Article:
Couples who keep those vows, even when those vows feel like a trap, often find that something beautiful happens as they endure the hardship. Things get better. They learn to love each other. God grows beautiful things in what looks like a garden of clay if we stick with it long enough and keep our promises even when we don’t feel like it.
The date was 1990. I was a newly engaged seminary student. Just a few weeks earlier, I’d proposed to Char, and she’d accepted. We were planning our wedding which was going to take place just a few months later.
I sat in the seminary classroom near the back. The subject: marriage counselling. The professor: a Christian counsellor. Notebook open, pen in hand, I couldn’t wait to learn about the journey I was about to begin.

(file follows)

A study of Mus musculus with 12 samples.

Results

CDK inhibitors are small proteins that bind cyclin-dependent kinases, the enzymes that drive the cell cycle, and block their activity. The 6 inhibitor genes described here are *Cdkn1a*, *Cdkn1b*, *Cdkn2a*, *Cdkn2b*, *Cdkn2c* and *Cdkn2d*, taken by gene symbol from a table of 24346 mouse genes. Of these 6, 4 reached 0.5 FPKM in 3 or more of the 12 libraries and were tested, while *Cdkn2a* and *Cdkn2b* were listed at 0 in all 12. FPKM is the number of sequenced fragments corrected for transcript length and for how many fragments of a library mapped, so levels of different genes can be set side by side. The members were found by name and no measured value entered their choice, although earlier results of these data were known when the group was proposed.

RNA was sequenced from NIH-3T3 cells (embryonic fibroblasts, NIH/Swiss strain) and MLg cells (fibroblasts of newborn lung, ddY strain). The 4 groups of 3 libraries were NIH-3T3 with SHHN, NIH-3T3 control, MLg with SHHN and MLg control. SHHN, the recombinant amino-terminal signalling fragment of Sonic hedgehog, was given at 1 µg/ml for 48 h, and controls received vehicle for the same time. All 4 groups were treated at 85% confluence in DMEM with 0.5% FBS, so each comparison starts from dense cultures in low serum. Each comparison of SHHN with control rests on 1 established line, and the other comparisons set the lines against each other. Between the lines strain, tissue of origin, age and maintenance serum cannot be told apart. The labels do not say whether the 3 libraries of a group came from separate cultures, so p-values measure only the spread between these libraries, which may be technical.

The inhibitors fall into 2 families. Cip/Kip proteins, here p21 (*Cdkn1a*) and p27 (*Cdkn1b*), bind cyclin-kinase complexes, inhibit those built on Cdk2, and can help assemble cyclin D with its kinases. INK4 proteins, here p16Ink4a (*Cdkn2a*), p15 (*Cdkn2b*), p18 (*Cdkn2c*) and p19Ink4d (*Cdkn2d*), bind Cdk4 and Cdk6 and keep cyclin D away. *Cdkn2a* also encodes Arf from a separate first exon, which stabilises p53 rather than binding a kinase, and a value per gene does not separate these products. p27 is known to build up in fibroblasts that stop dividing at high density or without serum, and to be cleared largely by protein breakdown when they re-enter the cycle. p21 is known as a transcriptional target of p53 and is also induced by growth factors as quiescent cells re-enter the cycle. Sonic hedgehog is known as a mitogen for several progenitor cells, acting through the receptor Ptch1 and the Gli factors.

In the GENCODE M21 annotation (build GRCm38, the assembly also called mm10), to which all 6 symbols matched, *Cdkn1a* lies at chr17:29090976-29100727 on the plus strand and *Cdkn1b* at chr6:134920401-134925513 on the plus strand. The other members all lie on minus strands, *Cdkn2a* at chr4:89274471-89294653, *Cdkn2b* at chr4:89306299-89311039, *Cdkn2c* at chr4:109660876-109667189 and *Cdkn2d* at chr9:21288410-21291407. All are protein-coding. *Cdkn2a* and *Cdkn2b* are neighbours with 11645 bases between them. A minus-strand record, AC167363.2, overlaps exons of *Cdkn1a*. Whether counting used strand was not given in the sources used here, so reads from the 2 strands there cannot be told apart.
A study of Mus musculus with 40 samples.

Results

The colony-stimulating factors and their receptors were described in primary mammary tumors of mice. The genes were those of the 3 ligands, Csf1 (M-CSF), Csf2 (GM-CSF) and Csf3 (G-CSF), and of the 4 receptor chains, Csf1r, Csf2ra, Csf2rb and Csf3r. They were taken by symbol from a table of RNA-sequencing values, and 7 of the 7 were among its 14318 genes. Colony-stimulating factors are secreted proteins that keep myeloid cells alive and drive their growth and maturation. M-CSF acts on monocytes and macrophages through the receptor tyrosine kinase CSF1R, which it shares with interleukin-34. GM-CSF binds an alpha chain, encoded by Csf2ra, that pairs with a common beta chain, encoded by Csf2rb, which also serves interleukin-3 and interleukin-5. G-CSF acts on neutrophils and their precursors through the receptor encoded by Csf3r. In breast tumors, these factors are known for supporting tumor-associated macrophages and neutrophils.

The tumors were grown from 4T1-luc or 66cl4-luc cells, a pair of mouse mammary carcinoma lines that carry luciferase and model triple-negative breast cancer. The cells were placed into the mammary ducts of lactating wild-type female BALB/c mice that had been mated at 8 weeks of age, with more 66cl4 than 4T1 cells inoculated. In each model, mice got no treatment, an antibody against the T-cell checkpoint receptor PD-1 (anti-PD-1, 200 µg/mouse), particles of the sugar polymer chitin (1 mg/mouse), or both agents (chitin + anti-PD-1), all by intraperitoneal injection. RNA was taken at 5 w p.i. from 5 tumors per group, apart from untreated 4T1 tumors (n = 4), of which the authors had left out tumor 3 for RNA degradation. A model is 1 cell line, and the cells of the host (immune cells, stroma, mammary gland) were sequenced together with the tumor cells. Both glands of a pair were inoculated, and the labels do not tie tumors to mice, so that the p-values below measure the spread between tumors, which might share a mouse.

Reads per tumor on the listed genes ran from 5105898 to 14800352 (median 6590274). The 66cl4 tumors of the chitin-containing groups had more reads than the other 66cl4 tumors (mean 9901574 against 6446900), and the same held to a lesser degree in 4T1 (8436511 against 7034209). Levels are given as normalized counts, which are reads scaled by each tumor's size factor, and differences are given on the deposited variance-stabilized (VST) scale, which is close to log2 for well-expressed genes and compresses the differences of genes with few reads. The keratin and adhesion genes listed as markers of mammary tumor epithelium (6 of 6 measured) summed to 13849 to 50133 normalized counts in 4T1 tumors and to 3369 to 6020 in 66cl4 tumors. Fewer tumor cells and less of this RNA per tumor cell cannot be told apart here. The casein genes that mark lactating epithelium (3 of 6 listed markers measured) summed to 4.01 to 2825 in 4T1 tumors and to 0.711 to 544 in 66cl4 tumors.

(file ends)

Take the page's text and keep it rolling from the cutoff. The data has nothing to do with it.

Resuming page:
I wasn’t prepared for what he said.
“Marriage is a steel trap,” he said.
I looked up, not sure if I was hearing him correctly.
The professor continued to explain. He’d enjoyed a good first marriage that ended with his wife’s death. Since then, he’d remarried, and found that his second marriage was a lot harder. In the first year of his second marriage, he found himself thinking that he’d made a terrible mistake. He knew divorce was not an option, but he found himself thinking of ways to escape.
But he couldn’t. Marriage was a steel trap. You can get into it, but it doesn’t easily let you go.
They stayed together and struggled. As they did, he found that marriage got easier. He learned to love his new wife. He began to enjoy their marriage. It was still hard and still required work, but being trapped together taught them to love each other, and they began to grow their relationship.